More than 700 wild black vultures in Georgia are the latest victims of H5N1, commonly known as bird flu. The dead vultures were discovered August 13 at Noah’s Ark Animal Sanctuary in Locust Grove, reports show.
The Centers for Disease Control and Prevention (CDC) reports that year-to-date, more than 2,100 wild birds have been detected with influenza. More than 40 million poultry have been affected by the virus.
The outbreak at Noah’s Ark could lead to other birds being at risk. If birds are discovered with H5N1, they may be humanely euthanized. Noah’s Ark is home to ostriches, emu, parrots and other birds. H5N1 is highly pathogenic and causes severe disease and high mortality rates in infected birds, according to the CDC. The CDC said the virus can cause disease that affects many organs with a mortality rate of 90 to 100 percent in chickens, often in less than 48 hours.
Noah’s Ark Animal Sanctuary posted to Facebook that it would close on August 23 and remain closed through August 27. The post didn’t specify the reason for the closure, but a statement from the organization obtained by Newsweek said it would close during the influenza response, as it had been placed under quarantine by the Georgia Department of Agriculture.
“As a natural disease event, the site needs to be contained, cleaned up and then sanitized/disinfected. We are at the contained stage. But our State Agency partners are and will lead clean up and sanitization. They will lead full vulture removal and roost removal and sanitation,” the statement read.
Noah’s Ark officials shared that they would be collaborating with state and federal officials regarding the H5N1 outbreak in the statement. The statement said a week after the vultures were found dead, state and federal teams informed Noah’s Ark that initial testing indicated the cause of death to be avian influenza. Though the disease is still running through the vulture population, none of the parrots or other exotic birds Noah’s Ark cares for have shown any signs of disease, the organization said.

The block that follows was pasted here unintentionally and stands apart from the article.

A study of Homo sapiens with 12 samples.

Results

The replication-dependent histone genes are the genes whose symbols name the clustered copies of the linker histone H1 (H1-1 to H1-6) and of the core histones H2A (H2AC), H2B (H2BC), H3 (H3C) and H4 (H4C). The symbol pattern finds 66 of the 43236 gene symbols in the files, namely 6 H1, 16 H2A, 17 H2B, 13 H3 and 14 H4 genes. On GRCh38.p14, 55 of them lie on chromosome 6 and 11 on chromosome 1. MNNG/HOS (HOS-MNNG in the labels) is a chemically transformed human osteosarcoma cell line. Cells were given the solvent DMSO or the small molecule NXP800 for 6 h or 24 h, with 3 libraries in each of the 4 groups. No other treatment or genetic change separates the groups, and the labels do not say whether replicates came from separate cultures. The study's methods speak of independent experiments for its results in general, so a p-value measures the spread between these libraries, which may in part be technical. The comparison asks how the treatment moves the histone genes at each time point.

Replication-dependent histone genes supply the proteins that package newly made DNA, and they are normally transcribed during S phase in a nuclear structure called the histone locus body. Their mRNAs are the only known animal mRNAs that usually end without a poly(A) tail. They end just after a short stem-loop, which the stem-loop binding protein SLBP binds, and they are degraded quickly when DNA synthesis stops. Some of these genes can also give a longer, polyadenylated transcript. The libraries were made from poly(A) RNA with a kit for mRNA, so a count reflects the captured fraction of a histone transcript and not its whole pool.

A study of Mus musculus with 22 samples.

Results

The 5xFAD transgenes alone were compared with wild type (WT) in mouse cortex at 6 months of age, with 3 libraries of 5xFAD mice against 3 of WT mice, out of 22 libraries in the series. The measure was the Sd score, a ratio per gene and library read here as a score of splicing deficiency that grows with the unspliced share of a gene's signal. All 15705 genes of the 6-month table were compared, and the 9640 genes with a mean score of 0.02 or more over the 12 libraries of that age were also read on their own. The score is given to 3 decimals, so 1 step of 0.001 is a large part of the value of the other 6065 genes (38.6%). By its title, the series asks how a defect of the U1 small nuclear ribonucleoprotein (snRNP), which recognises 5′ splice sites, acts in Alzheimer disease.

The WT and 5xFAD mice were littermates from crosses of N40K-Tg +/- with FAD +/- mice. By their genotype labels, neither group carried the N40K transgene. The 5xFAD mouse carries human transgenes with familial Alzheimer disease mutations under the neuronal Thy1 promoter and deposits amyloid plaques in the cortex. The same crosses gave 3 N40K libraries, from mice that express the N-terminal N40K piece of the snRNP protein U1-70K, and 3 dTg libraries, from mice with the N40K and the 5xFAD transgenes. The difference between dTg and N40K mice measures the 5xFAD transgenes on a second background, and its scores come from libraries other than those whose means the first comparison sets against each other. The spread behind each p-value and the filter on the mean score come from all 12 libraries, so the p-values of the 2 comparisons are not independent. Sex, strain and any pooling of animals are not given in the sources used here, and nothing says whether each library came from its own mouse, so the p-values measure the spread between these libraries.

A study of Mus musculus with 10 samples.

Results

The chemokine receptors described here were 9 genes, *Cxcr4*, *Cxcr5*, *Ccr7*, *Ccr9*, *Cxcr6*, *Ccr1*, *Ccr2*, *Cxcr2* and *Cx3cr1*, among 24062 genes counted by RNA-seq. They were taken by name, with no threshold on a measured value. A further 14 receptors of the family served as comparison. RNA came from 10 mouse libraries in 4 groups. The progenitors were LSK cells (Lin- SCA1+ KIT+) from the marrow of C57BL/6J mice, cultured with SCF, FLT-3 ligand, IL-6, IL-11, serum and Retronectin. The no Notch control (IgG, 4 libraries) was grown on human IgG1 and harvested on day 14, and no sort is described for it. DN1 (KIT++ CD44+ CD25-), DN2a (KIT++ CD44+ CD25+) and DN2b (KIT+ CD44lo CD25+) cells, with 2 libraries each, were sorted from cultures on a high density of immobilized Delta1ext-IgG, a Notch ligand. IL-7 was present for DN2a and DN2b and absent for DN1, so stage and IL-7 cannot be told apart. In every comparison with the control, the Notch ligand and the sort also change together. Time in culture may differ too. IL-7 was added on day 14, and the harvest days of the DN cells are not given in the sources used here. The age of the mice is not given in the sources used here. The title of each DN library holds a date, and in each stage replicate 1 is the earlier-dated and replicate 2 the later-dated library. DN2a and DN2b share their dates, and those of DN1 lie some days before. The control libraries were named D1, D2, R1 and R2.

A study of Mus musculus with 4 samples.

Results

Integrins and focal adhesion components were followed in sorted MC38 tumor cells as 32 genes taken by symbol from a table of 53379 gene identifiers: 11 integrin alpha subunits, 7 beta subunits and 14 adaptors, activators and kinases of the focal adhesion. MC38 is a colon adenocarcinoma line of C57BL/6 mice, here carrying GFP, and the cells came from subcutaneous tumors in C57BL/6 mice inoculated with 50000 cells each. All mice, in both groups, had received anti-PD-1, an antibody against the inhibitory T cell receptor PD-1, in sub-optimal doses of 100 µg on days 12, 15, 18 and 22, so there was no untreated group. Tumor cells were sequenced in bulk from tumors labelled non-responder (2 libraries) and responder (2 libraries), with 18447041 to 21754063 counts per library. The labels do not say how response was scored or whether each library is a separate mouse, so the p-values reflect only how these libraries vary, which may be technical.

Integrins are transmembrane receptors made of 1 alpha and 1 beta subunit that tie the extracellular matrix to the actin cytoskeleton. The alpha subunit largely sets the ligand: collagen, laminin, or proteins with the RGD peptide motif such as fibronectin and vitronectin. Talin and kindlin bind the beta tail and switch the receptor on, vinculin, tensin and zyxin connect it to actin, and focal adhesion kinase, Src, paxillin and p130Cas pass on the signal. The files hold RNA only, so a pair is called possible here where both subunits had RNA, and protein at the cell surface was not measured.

“Noah’s Ark is and will remain in close collaboration with authorities as they lead the charge to manage this,” the statement said. “As a precaution the affected birds on property have been depopulated. Officials are testing and monitoring other birds within the surveillance area and no other birds have tested positive or experienced any clinical signs.”
Noah’s Ark has also tripled its veterinary staff in the last six months, the statement said, in addition to other boosts to its animal care staff.
Forty-five states have reported cases of bird flu, and there has been one human case this year. Typically, the virus spreads amongst wild birds and can affect domesticated poultry. Chickens are particularly susceptible to the bird flu and can spread the virus to their human owners, however, the disease has a “very low” risk of transmission to humans, according to the statement from Noah’s Ark.
The CDC suggests humans limit their contact with wild birds. People are encouraged to cook poultry to an internal temperate of 165 degrees Fahrenheit to kill viruses and bacteria, including bird flu.
The CDC reports that the U.S. government maintains a stockpile of vaccines, including vaccines against H5N1 if a breakout were to occur among people.